Working in family law means that we often have to help parents engage with their children’s schools. Some schools are very helpful, and will happily arrange for separate parents’ evenings and will include both parents in school correspondence. Some schools however can be very difficult, and will refuse to engage with one parent if the other has arranged for the child to attend that school.
In most cases, there will be a Court Order that deals with this issue, and schools soon start to cooperate once an Order is in place. However, an Order is not necessarily required if you want to be involved in your child’s education but you are not the primary carer.
A case was heard this month, where a Father wanted to spend time with his two daughters. One daughter, A, made it very clear she did not want to see her Father. The Court believed that it was still important for the Father to be involved, and therefore ordered indirect contact. What was also highlighted in this case was the obligations of a school under specific legislation.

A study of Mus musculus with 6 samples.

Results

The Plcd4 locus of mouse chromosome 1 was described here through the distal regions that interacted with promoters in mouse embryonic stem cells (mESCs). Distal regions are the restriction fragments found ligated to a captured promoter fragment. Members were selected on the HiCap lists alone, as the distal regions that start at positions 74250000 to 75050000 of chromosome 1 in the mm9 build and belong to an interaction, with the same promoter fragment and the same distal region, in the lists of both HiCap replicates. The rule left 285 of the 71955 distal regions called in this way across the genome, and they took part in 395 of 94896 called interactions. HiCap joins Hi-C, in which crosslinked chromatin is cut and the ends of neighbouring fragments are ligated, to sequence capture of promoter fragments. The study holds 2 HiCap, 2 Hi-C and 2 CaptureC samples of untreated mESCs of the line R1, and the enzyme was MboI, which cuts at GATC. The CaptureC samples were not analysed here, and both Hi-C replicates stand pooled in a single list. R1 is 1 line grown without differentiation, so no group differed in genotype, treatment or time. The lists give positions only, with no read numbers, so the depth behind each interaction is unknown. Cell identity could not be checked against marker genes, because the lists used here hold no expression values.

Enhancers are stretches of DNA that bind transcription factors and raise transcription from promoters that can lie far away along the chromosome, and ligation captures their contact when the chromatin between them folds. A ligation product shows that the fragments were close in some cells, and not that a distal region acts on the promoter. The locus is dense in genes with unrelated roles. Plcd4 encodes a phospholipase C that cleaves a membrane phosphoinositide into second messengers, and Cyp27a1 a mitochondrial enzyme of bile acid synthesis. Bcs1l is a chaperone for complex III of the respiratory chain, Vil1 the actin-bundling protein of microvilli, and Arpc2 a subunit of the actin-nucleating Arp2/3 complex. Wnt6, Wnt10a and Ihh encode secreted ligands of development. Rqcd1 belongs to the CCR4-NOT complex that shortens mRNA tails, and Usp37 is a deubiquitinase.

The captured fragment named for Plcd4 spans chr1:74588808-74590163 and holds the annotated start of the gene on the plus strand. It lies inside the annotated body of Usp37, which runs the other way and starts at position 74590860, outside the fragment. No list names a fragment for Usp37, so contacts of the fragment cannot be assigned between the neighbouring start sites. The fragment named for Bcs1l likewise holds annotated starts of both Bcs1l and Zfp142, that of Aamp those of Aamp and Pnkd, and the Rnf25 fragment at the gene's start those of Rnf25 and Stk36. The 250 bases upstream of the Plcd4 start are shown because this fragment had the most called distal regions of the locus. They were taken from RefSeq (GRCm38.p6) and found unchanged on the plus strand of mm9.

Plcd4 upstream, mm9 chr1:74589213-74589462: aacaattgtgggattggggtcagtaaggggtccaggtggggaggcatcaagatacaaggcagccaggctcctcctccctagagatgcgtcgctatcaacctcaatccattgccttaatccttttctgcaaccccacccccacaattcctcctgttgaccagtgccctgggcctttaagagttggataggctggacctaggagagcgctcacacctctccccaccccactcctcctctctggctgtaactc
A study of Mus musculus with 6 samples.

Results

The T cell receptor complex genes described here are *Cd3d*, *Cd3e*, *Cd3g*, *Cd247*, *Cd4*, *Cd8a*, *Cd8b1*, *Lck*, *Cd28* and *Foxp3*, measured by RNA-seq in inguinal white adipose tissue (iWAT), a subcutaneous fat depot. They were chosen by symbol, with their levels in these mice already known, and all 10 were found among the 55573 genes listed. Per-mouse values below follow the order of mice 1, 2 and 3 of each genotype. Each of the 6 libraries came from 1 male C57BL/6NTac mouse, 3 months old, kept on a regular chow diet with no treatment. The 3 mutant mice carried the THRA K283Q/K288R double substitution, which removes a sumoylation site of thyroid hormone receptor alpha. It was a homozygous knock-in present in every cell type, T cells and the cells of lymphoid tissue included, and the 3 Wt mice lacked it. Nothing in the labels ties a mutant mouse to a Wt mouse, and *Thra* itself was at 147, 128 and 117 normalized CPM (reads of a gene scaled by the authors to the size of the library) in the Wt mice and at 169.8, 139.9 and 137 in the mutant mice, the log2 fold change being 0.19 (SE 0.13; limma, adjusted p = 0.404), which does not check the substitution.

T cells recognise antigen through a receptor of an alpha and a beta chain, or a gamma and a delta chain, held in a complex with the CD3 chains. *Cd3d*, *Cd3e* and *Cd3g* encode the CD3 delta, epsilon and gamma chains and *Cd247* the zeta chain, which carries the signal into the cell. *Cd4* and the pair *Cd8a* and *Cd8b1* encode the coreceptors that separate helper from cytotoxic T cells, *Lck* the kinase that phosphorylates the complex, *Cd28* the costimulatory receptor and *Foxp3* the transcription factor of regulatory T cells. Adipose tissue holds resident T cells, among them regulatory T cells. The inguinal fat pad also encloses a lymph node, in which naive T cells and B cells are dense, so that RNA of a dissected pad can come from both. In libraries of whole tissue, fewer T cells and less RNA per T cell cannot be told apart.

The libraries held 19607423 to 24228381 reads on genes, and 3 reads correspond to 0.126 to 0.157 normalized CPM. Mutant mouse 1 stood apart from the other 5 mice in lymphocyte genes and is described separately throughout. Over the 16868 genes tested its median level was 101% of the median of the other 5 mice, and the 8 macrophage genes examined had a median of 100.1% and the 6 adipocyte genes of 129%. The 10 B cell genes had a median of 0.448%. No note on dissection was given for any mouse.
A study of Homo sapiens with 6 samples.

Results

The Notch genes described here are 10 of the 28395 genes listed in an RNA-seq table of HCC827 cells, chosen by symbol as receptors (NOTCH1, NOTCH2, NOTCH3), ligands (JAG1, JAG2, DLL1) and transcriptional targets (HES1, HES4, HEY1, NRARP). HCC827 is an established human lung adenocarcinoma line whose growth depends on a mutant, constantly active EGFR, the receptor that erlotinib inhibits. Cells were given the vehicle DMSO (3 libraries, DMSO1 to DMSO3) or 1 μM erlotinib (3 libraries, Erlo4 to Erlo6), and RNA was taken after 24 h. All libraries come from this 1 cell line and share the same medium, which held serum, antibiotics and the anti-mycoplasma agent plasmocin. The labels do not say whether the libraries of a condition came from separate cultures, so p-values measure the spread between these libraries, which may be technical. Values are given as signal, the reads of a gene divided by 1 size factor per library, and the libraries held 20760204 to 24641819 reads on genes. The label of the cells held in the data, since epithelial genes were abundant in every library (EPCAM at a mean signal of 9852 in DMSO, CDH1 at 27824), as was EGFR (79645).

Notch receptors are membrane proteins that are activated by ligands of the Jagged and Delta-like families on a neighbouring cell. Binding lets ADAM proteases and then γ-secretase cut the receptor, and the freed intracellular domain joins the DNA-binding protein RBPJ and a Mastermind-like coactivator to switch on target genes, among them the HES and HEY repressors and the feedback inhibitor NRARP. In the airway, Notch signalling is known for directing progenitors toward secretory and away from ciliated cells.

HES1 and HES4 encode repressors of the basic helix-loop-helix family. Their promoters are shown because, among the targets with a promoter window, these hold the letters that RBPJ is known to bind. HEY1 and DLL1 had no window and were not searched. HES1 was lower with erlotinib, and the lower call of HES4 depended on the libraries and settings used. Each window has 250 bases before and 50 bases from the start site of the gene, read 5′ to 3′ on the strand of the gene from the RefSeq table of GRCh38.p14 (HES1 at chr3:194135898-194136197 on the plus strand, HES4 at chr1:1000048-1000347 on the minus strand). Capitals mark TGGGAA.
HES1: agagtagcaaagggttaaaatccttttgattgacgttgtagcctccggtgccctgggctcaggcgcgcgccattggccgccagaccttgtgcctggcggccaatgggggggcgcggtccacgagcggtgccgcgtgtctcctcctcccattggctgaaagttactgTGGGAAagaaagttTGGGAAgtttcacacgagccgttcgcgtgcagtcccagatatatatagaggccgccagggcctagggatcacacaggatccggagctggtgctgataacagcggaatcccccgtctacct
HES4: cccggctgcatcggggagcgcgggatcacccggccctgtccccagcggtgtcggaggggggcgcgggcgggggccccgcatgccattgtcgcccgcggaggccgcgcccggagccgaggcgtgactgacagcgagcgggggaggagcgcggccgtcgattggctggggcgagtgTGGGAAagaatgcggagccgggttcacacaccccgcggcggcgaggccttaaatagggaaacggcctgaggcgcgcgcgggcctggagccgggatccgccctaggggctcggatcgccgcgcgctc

If your school is publicly funded, you have a right to your child’s educational record under s.576 of the Education Act 1996. If your school is independent, the school must provide you with an annual school report under paragraph 24 of Schedule 1 of the Education (Independent School Standards) (England) Regulations 2010. Any other information must be requested under the Data Protection Act 1988, but a child can refuse permission for this.
Therefore, even if you don’t have a Court Order, you still have a legal right to know what education your child is receiving. If your child’s school continues to not engage with you, then you should remind them of this. If there is any other information you would like from the school, and your ex-partner will not permit it, then you may need to seek a Specific Issue Order under the Children Act 1989.